Breast cancer is one of the few major illnesses for which physicians may not recommend a specific treatment option. North American women are more likely to opt for precautionary breast surgery when physicians do not specifically counsel against it, according to a new study. This research was presented at the American Society of Breast Surgeons Annual Meeting, in Las Vegas, Nevada. The research also demonstrates how clarity during consultations and the capability of clinical facilities also play important roles influencing a woman’s breast cancer treatment choices.
This study looked at cases where cancer was diagnosed in only one breast. The form of prophylactic surgery known as a contralateral prophylactic mastectomy entails removing the healthy breast at the same time as the cancerous breast. The procedure can reduce the risk of breast cancer recurrence in women who have a strong family history of breast or ovarian cancers and in women who have a genetic mutation that makes breast cancer more likely.
“While effective for such groups, the number of prophylactic mastectomies across North America has risen among women without these underlying conditions—among women who have only an average risk of developing cancer in their noncancerous breast.” explained lead author Andrea Covelli, MD, a University of Toronto general surgery resident at St. Michael’s Hospital in Toronto, Ontario, Canada.
Previous national studies have shown that instances of prophylactic breast surgery among women with early-stage breast cancer at average-risk for recurrence have increased nearly twelvefold in the United States over the last decade. In Canada, rates increased by 140% between 2008 and 2010.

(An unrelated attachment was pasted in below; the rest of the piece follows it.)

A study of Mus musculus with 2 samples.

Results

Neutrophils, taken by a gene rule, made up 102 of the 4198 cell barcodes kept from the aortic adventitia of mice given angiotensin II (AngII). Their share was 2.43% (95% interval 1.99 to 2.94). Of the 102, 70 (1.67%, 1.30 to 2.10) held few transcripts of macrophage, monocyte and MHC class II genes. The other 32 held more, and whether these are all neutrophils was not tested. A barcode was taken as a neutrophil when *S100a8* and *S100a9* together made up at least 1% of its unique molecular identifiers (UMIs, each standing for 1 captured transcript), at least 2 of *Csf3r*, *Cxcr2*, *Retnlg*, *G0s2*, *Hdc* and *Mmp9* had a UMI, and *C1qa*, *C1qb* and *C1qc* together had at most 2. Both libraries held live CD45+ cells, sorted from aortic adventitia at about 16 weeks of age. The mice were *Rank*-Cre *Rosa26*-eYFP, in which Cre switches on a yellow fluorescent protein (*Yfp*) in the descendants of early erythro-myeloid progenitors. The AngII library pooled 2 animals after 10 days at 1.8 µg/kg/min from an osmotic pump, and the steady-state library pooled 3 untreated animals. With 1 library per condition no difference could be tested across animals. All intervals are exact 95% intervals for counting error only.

Covelli interviewed 45 surgeons in North America to identify factors that determine the course of treatment.
In the United States, some states legislate that surgeons present all treatment options to patients. The research found that surgeons in the 20 states with such legislation complied with the law, but generally surgeons did not recommend one procedure over another. Instead, they encouraged patient choice. Canadian surgeons discussed similar surgical options with their patients. However, they more often specifically recommended breast-conserving surgery and counseled against prophylactic mastectomies.
“We learned that surgeon’s recommendations and detailed consultations influenced women’s decisions for breast cancer treatment,” said Covelli. “Consultations were especially important when it came to MRI findings. When MRI results were presented without detailed explanations, women were more likely to opt for prophylactic mastectomies.”
If women were being treated at health care facilities with access to immediate reconstruction, they were also more likely to choose prophylactic surgery.
Immediate reconstruction was associated with the choice of prophylactic mastectomy and is more widely available in the United States than in Canada. In both countries, many patients requested a prophylactic mastectomy after returning from a consult with a reconstructive surgeon.
“We need to look at what happens during that consult to better understand patient decision-making,” said Covelli. “Patients should ask for their doctor’s opinion if helpful to them. Most surgeons have years of experience treating breast cancer and can provide valuable counsel and advice.”